Thursday, Italian officials announced the arrest of Tokhtakhounov, a suspected Russian mobster, on U.S. conspiracy charges filed in Manhattan federal court. It seems that Tokhtahkounov, who denies any wrongdoing, may have been at the heart of the scheme to award figure skating gold to the Russian pair, rather than the Canadians, employing French judge Marie-Reine Le Gougne to cast the deciding ballot. A day after the pairs medals were awarded, Le Gougne admitted to buckling under pressure to vote for the Russian pair in exchange for first-place votes for the French ice dancing team. Although she later rescinded her confession, she has been suspended from judging.
Authorities believe Tokhtakhounov may have arranged the fix in favor of the French ice dancing pair in exchange for a visa to return to France. Russian officials call the charges of mafia involvement "fantastic," telling the Associated Press they wouldn't be surprised if the scenario had been manufactured "in Hollywood" to retroactively justify giving two gold medals in the pairs event. Meanwhile, Italian investigators say they nabbed Tokhtakhounov during an organized-crime investigation; they happened to have tapped his phone in February and recorded several conversations with a French man, during which Tokhtakhounov made repeated references to the figure skating competition, and to six skating judges. (The names of the judges whose voices were never recorded were not released.)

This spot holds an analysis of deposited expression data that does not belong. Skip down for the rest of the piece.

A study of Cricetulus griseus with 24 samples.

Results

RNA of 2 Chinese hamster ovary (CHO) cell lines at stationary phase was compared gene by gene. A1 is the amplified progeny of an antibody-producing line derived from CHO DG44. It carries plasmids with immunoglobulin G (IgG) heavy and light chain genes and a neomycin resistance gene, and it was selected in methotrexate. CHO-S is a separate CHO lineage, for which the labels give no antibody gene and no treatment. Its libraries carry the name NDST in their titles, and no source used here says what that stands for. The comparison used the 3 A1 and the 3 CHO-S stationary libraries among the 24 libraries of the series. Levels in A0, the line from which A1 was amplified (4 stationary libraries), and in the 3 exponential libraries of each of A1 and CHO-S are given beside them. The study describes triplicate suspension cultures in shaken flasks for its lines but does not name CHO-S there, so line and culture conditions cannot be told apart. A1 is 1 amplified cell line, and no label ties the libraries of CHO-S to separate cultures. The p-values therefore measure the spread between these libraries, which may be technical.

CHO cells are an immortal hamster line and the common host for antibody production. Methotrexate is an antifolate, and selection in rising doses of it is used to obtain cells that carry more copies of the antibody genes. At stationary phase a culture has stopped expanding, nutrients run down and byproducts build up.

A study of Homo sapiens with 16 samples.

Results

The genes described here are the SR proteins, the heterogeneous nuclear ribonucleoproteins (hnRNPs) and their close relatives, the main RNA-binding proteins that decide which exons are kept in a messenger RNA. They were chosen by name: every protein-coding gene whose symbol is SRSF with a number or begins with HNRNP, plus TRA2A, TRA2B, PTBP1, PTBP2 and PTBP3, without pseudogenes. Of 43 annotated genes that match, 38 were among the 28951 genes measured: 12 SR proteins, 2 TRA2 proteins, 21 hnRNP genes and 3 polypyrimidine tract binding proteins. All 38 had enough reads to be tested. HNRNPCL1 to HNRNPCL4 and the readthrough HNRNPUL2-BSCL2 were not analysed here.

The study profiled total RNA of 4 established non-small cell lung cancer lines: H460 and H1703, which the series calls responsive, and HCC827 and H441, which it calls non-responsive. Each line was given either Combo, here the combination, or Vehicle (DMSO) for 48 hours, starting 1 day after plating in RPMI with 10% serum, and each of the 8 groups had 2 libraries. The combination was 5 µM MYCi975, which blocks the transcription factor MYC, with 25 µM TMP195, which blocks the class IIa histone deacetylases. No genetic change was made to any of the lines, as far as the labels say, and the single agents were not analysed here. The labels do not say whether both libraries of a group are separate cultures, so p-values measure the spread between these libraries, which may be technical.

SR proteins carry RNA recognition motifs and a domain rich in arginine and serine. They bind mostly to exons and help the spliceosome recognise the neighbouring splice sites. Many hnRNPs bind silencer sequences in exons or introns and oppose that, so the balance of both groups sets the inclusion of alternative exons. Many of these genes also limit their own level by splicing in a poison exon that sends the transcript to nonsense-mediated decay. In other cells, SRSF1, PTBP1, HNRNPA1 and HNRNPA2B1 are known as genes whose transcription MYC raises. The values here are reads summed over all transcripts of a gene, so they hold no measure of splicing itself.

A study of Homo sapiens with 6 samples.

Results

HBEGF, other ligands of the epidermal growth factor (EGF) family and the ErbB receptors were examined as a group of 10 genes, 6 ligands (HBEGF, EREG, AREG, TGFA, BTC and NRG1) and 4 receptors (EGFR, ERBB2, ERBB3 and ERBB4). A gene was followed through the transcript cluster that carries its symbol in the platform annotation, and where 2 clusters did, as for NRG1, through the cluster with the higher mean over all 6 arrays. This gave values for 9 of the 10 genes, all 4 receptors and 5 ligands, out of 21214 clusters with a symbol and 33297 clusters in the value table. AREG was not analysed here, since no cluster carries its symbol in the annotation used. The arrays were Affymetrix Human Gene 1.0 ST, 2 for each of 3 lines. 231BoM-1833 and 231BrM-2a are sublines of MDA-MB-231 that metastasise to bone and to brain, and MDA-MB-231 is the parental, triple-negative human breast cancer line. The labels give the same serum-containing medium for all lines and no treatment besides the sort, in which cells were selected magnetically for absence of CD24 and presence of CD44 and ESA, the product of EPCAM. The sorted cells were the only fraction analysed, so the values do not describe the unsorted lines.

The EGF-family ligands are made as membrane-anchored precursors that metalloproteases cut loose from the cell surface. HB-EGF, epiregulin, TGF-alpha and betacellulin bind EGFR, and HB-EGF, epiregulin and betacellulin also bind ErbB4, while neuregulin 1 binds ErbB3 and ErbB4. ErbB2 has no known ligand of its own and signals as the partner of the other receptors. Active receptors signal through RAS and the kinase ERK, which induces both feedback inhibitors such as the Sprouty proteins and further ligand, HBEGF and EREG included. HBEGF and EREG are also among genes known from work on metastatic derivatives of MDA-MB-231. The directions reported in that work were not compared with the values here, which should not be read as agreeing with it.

Not everyone is caught up in this latest twist. While Tokhtakhounov's potential mafia connections added a bit of much-needed media glamour to the cobwebbed story, Sale and Pelletier were not impressed. The cute-as-a-button pair was back on the morning program circuit Thursday, flashing their trademark grins and shrugging off the whole incident. French ice dancing pair Marina Anissina and Gwendal Peizerat were unamused. "Everybody wants to claim a part of our victory for themselves," Peizerat grumbled to the AP. "The judges think it's thanks to them we're champions, top skating officials do too, and now it's the Russian mafia." Hey, buddy: tell it to Tokhtakhounov.
Then again, maybe you should keep it to yourself.